Bacalao has become one of the most popular fish dishes in Norway during the last years. The dish as we know it is connected with special Norwegian recipes , a stockfish-pot that consists of stockfish, olives, tomatoes, onions and pepper.

Original this is a savoury and spicy dish, and represents one of many thousand ways to prepare stockfish and salted cod, but is the traditional Norwegian way of doing it.

Today you can order it in the absolute finest restaurants, but earlier it was more of a low cost everyday-meal.

A Norwegian Recipe

Norwegian bacalao - photo by
  • 800 grams of skinless, boneless soaked klippfish
  • 800 grams of potatoes, peeled
  • 1 large onion
  • 1 dl water
  • 4 dl olive oil
  • 2 dl tomato purée
  • 150 grams canned tomatoes
  • ¼ fresh dried chili pepper or 1 small dried chili

How to do it:

The fish must soak in plenty of fresh water for 24 hours. This is important in order to avoid the dish being too salt.

Cut the fish into 4 cm (1 ¾”) squares.

Slice the potatoes (5 mm thick) and onion as well.

Combine remaning ingredients in a large, wide pot.

Bring to a boil, then layer the fish, the onions and finally the potatoes.

Cover and simmer until the potatoes are tender, 1 1/2 - 2 hours.

Tradition and History

Salted, dried Norwegian cod - Photo: Karl Ragnar Gjertsen

In fact, this is not really a traditional Norwegian food, or recipe. The word bacalhau is Portugese, and simply means cod. Actually, in many Latin countries like Brazil, Italy, Greece and of course Spain, the term Bacalao is used for stockfish or salted cod.

First of all this is a Portugese dish, that also has become very popular i Norway. And even in Portugal they use dried cod from Norway.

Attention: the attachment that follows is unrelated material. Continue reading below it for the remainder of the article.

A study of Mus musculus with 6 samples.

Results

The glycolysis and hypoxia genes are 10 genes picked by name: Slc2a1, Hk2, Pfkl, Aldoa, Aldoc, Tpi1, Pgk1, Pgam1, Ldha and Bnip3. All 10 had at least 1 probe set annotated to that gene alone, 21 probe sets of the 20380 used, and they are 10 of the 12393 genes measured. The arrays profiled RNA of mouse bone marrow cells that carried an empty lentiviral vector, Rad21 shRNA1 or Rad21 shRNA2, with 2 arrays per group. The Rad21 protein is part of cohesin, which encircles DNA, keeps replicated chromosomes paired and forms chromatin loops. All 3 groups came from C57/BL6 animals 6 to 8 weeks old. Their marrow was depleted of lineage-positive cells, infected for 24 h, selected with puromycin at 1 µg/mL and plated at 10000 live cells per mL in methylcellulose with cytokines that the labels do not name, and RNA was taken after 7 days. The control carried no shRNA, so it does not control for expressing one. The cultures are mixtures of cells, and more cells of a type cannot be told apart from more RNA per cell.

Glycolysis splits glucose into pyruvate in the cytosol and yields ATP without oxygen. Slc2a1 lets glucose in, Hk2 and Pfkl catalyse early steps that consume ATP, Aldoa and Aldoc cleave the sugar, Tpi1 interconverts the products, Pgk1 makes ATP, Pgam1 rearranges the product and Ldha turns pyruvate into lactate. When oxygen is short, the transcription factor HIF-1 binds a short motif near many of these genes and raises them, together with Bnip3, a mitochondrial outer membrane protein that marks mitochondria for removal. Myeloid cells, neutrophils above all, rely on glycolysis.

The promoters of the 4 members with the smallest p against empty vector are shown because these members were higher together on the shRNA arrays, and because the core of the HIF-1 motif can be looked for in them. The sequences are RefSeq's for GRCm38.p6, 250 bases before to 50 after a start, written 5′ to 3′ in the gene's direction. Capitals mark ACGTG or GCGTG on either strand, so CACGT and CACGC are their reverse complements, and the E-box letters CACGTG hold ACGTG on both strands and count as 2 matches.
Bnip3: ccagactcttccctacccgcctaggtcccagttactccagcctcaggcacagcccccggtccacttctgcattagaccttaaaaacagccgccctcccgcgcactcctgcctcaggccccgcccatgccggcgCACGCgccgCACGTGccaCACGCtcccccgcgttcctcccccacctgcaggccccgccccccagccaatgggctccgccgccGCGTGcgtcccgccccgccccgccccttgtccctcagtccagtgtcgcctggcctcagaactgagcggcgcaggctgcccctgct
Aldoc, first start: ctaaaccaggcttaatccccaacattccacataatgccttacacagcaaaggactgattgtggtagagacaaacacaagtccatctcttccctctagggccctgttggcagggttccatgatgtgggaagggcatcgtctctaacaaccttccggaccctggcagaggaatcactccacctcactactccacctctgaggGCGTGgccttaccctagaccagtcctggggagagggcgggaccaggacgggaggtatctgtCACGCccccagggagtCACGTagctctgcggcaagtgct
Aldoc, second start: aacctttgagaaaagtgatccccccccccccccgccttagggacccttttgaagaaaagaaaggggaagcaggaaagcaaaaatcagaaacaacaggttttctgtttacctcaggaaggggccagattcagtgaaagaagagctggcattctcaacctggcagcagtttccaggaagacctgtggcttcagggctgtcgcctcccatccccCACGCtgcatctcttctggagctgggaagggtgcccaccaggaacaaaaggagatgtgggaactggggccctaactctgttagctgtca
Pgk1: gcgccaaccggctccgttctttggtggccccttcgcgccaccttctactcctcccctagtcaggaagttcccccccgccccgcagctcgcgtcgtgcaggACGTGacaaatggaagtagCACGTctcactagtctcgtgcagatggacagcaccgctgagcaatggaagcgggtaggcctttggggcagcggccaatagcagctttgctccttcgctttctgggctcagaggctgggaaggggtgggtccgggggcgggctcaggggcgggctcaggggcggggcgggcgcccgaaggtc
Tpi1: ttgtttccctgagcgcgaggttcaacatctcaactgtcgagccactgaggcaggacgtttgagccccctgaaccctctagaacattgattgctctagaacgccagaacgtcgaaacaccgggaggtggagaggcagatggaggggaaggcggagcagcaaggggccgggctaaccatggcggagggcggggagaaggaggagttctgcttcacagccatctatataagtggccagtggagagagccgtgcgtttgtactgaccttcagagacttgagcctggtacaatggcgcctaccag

As far back as to the 14th century, the Spanish salted and dried cod. The origin method of preparing the fish like this actually came from the "Terra do bacalhau" in New Foundland, and the Bay of Biscay in Spain.

The old fashioned way of stockfish drying

This is the old way of dryiyng the fish (photo from Indre Kvarøy in Nordland county).

In Norway the dish is made of the traditional Klippfisk, which is cod that is heavy salted, and then dried on rocks until it is dry and hard as wood.

In this way it can be stored for a very long time, and when you are going to use it you will have to cut it in smaller pieces (see the recipe under), put it in a lot of cold, fresh water, and keep it there for 12 - 20 hours.

You even might have to exchange the water to reduce the salt content.

Next day it will be almost like fresh fish, only more salty of course.This processing was introduced in Norway around 1640, and until recently the salted fish was dried on slopes of naked rocks.

The industry today of course use more modern technology which also gives a first-class product, but the local Norwegian fishermen along the coast still today prepares the fish in the old way.

It is said that the image of Southern temper and unusual, exotic spices makes the term "Bacalao" exciting and new to us Norwegians.

Stockfish is used in thousands of recipes and the preparing-methods vary from cooking, to frying, to baking etc.

Statue in Kristiansund, Norway. Photo: Sverre Stølen

Kristiansund in Norway is one of the coastal towns with a long history of Stockfish. It even has its own annual Bacalao-days of celebration.

As we know, the tradition of Stockfish and Bacalao goes way back in the history, and in Kristiansund the womens hard work of drying the fish has been commemorated with a statue showing one of them. 
The statue is to be seen at the Kristiansund Harbour, and shows The Clipfish Woman of Kristiansund, made by the sculptor Tore Bjørn Skjølsvik.  The photo is by Sverre Stølen.